What struck us when we saw it parked up on a Parisian side-street though, was how the user of this particular Ami had personalized the otherwise quite basic interior. Plugging in you smart phone and bluetooth speaker to perform navigation and entertainment duties is an idea that many people will be familiar with. It's a hand work around for anyone that owns an older car and comes with the added benefit of not having to learn how to use the manufacturer's HMI software when you already know your way intimately around IOS or Android.
It does start to beg the question of what exactly we need all of this built into our car for at all? If we're talking about MaaS, then perhaps all we need is a service app to link us to the vehicle of our choice and integrate with our preferred map apps?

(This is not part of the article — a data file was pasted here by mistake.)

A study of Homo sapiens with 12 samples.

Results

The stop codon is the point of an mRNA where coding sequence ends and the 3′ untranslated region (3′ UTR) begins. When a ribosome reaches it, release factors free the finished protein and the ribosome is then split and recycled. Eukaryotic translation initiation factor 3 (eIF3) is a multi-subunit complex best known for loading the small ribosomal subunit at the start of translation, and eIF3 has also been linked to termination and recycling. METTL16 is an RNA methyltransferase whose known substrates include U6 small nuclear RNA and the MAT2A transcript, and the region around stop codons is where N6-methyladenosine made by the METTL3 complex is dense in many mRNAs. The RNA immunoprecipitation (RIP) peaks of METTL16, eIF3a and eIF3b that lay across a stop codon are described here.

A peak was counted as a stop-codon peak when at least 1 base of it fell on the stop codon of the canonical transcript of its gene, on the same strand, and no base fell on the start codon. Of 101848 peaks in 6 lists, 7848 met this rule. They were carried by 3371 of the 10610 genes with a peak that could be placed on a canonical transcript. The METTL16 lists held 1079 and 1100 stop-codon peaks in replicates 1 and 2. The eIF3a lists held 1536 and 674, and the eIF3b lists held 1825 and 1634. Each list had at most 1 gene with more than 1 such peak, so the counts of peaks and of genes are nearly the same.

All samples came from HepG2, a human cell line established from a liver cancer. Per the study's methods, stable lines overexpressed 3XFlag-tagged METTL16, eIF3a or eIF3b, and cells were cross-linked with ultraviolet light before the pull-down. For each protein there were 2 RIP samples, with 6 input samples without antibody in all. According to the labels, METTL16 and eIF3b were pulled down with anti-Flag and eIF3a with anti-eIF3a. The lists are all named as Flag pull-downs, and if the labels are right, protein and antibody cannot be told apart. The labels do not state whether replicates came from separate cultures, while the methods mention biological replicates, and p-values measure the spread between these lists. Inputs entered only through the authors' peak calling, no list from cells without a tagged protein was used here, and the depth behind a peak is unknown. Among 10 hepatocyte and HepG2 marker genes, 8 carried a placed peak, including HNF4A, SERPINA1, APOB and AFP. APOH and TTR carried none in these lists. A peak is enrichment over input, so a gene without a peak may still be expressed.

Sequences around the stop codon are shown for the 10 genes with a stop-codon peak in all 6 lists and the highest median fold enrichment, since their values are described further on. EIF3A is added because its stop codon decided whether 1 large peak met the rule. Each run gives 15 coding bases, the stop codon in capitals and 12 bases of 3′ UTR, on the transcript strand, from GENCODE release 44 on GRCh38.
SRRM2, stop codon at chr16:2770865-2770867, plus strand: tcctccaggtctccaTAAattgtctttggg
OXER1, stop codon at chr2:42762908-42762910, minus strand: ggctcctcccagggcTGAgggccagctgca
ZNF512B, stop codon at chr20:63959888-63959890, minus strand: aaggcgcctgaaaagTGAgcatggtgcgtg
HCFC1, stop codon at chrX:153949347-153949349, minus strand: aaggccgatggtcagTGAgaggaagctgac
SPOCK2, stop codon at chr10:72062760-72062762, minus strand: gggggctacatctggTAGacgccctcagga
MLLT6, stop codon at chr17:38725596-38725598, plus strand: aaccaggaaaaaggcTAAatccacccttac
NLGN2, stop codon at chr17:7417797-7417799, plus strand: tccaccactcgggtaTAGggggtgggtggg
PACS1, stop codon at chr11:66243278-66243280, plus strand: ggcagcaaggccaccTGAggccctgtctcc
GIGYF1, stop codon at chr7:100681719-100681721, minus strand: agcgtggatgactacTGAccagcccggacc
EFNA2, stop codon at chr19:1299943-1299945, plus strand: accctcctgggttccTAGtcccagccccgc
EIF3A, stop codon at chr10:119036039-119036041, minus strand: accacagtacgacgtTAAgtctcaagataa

If we're looking at the hardware of the interior, Fiat's Centoventi concept showed some great, simple ideas for plug-in storage features, even suggesting users could 3D print their own pieces.
In these days when we all carry around supercomputers in our pockets, which are increasingly extensions of who we are and what music we like, why not let them do the heavy lifting when it comes to vehicle HMI? And if maintenance and cleanliness are going to be crucial for MaaS, why not create interiors that are simple, hard-wearing and easy to clean? Interiors that we can make our own, just as easily as we would add enamel pins or patches to a denim jacket. Maybe, the future of interior design is just a little bit punk. Unique, raw and held together with safety pins (or plastic fasteners, we're flexible on this one).